NGISCNational Gambling Impact Study Commission
31) Notwithstanding the difficulty in predicting future Internet activity, the NGISC stated that essentially all observers predict the continuance of rapid growth in Internet gambling.
Under this Act, Congress established the NGISC to conduct a two-year comprehensive study focusing on the social and economic implications of gambling in the United States.
The NGISC final report offered a number of suggestions.
137) The NGISC Final Report severely criticizes aspects of sports betting (even more than Internet gambling), specifically recommending "that betting on collegiate and amateur athletic events that is currently legal be banned altogether.
The NGISC found that state lotteries function as a regressive tax, in that those who can afford it least tend to play the most, while benefits go to those who are better off.
The NGISC estimated that Americans bet between $80 billion and $380 billion annually on sports events, making it the most widespread and popular form of gambling in the United States.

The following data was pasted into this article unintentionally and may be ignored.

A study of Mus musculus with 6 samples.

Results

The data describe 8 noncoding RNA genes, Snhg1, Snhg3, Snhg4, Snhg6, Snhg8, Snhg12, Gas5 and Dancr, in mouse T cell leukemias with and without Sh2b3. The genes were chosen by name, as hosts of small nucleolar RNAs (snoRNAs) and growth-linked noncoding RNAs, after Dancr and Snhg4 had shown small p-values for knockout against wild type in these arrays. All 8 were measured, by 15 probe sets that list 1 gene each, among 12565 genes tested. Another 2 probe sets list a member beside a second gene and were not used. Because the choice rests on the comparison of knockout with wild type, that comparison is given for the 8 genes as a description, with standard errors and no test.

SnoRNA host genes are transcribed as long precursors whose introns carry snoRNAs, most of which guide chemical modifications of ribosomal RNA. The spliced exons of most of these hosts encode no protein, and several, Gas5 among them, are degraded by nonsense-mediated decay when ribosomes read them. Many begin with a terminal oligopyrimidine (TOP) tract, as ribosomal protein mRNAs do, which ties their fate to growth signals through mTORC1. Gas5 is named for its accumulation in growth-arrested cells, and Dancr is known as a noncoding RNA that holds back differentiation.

The NGISC study also found little to no improvement in local standards of living following casino openings.
The NGISC recommended that the gambling industry contribute to prevention, research, and treatment via a gambling privilege tax.
Step, if you please, into the robes of an NGISC commissioner and consider the options before you.
In finding for a pause, the NGISC noted that the "existing evidence is insufficient to compel a consensus" but worried nonetheless that "the country has gone very far very fast regarding an activity the consequences of which, frankly, no one really knows much about.
After the NGISC issued its final report in 1999, I was hired by the National Indian Gaming Association (NIGA) in Washington, DC to help shape the national research agenda for the tribal government gaming industry.